It turns out managed money traders flipped from a large (- 175k) net corn short to a substantial l (+75k) net long in three weeks; that was good for just over a quarter’s worth of gains during that time. Analysts expect a decent corn planting number this afternoon and big progress this week...
Bangladesh rejected 50k tonnes of Russian wheat on quality concerns, just two weeks after they rejected two shipments totaling 100k for the same reason
Saudi Arabia bought 620k tonnes of international l hard wheat for July-August.
The European Commission raised their wheat ending stocks for both 2015/16 and 2016/17, by about 600k tonnes each, to 18.3 and 18.9 MMT, respectively.
Private ana lysts AGR Brazil on Friday cut their 2015/16 corn crop forecast from 85.1 to 79.6 million tonnes, with second-crop production obviously losing the bulk of that (down 5.5 MMT this month to 52.1 MMT). Analysts Franca Junior a lso cut their ‘15/16 BRZ corn number from 87.1 to 79.5 MMT Friday, with soybean output down from 99.5 MMT in March to 98.1 MMT.
Argentine customs data showed the country’s corn exports at 7.6 million tonne in January through Ma rch, double the amount from Q1 2015.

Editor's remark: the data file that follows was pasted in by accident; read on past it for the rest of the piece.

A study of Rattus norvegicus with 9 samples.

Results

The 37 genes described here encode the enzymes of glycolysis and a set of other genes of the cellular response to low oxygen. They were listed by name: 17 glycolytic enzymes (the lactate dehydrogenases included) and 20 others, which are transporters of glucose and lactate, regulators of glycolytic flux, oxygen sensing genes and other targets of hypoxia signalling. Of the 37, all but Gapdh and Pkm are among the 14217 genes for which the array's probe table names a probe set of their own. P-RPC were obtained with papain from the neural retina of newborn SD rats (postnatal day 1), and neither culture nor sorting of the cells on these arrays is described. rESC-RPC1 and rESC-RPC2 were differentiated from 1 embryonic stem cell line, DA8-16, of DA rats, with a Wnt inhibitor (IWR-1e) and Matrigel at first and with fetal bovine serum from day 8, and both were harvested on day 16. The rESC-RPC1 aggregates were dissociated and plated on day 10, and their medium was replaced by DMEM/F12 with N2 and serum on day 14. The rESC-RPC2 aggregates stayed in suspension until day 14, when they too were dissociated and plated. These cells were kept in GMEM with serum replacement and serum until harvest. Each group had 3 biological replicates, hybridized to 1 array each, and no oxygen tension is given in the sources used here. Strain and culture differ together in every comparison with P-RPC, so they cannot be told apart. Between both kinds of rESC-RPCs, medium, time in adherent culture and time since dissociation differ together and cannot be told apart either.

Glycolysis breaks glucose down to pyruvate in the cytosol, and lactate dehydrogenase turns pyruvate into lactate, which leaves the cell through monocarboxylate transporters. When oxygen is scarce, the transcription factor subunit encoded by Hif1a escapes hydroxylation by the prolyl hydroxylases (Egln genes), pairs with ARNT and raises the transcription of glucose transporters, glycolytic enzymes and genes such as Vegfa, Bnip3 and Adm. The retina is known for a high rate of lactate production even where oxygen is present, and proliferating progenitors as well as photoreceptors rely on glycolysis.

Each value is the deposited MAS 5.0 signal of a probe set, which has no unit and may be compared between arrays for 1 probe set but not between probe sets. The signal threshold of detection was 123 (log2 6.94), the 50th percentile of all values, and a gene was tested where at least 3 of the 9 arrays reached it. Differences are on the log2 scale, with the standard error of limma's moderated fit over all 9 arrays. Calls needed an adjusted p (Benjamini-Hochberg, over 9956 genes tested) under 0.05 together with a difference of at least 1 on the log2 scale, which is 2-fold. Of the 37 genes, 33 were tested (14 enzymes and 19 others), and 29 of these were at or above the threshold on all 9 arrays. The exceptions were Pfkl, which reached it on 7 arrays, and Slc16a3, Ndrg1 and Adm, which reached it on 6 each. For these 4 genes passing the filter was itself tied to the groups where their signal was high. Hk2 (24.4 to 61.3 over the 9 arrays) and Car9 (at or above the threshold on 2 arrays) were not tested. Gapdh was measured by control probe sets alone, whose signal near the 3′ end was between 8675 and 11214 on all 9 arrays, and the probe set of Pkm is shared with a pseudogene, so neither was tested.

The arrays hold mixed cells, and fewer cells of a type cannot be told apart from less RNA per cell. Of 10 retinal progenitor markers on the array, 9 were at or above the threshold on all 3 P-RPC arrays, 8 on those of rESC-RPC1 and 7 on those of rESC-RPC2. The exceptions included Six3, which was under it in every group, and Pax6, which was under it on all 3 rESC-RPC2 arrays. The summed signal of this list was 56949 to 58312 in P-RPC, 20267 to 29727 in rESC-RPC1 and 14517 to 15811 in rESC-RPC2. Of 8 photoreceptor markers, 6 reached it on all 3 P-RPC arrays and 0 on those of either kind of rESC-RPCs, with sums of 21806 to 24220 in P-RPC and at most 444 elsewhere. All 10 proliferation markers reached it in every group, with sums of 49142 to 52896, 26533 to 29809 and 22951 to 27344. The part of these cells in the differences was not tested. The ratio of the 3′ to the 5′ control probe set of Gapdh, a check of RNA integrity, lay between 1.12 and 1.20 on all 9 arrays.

This afternoon’s USDA Fa ts & Oils Report is expected to show March soybean crush at 4.966 million short tons, or 165.5 million bushels, up from 154.6 mbu in Feb and the March NOPA number at 156.7 million bushels.
Friday afternoon’s Disaggregated CFTC Report showed a massive 104k net corn contract gain by the managed money funds on the week ending la st Tuesday (4/26), compa red to trade expectations for a 12k net loss on the week; daily estimates were similarly off for the rest of the grain complex where funds added up to 24k net on the week. Producers and merchants sold a 78.6k net on the week, with beans and mea l down 28-29k each, oil down 9.6k net, Chicago wheat down 6.3k net, and KC wheat down 14.4k net to 4/26.
CBOT May Deliveries: corn zero; soybeans 171 contracts with next trade date 4/21; bean oil 2,851 & 4/28; Chi wheat 544 & 4/29; KC wheat 761 & 4/29.
Today’s cha rt is a seasona l of the July-NovCBOT soybean spread, including recent years and the 3 and 5-year averages. Since the Nov ‘15 contract went off the boa rd, the spot 2016 N-X spread traded in just over a seven-cent range (all just below even) until April 20th, when it flipped from a 1 1/4-cent carry to a 19 1/4-cent inverse. Volatile action in the last week and a ha lf still leaves the spread in line with last year at this point, which peaked at +35 cents in mid-June.